Residents urged to stay off stormwater ponds

November 9, 2020

Residents urged to stay off stormwater ponds

With the recent drop in temperature, ice has formed on stormwater ponds and natural bodies of water in Strathcona County. Residents are reminded to stay off stormwater pond ice.

Ice safety is everyone’s responsibility. Obey all posted signs, be mindful of natural tripping hazards on the paths near the ice, and above all, stay off the unsafe stormwater pond ice. Many factors affect ice strength including air temperature, road runoff, sun, wind, snow and overall thickness of the ice.

While stormwater pond ice may appear solid, stormwater ponds have fluctuating water flows that create a freeze/thaw environment, resulting in unknown ice conditions. Stormwater pond ice is unstable and unsafe for recreational activities, including walking, ice skating and hockey.

If someone falls through the ice, don’t go onto the ice to try and pull them out; you may fall in too. Call 9-1-1 for help. For more information about ice safety, contact the Lifesaving Society of Alberta and Northwest Territories at 780-415-1755 or visit

For a listing of safe, outdoor skating rinks and pathways, visit or call 780-467-2211.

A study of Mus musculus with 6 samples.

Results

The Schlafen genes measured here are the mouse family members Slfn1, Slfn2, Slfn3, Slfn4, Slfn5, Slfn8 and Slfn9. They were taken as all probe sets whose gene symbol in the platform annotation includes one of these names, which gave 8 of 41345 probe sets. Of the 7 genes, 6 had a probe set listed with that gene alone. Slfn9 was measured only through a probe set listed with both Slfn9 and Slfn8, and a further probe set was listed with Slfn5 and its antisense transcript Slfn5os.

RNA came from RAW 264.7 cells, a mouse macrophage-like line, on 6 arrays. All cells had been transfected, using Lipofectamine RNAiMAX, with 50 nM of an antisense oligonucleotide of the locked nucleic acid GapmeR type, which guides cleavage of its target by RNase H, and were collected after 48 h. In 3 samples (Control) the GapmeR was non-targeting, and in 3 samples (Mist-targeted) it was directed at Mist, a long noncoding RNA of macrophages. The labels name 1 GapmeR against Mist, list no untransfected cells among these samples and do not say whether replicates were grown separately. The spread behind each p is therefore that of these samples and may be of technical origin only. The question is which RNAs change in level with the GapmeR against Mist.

As part of the collective effort to stop the spread of COVID-19, residents are reminded to follow all Alberta Health Services and Strathcona County guidelines including staying home if you are sick or experiencing symptoms of COVID-19, maintaining a physical distance of 2 meters (6 feet) from anyone outside of your household / cohort, practicing proper hand hygiene, and obeying all posted signage.

Set in the centre of Alberta’s energy and agricultural heartland, Strathcona County is a thriving, successful and vibrant community of over 98,000 residents. Strathcona County is made up of the urban area of Sherwood Park and a large adjacent rural area of farms, acreages and smaller hamlets. It is home to 75 per cent of hydrocarbon processing in Western Canada. Strathcona County is a leader in environmental conservation, and 55 per cent of its land is within the UNESCO Beaver Hills Biosphere. With a focus on economic, governance, social, cultural and environmental sustainability, Strathcona County is committed to balancing the unique needs of its diverse community.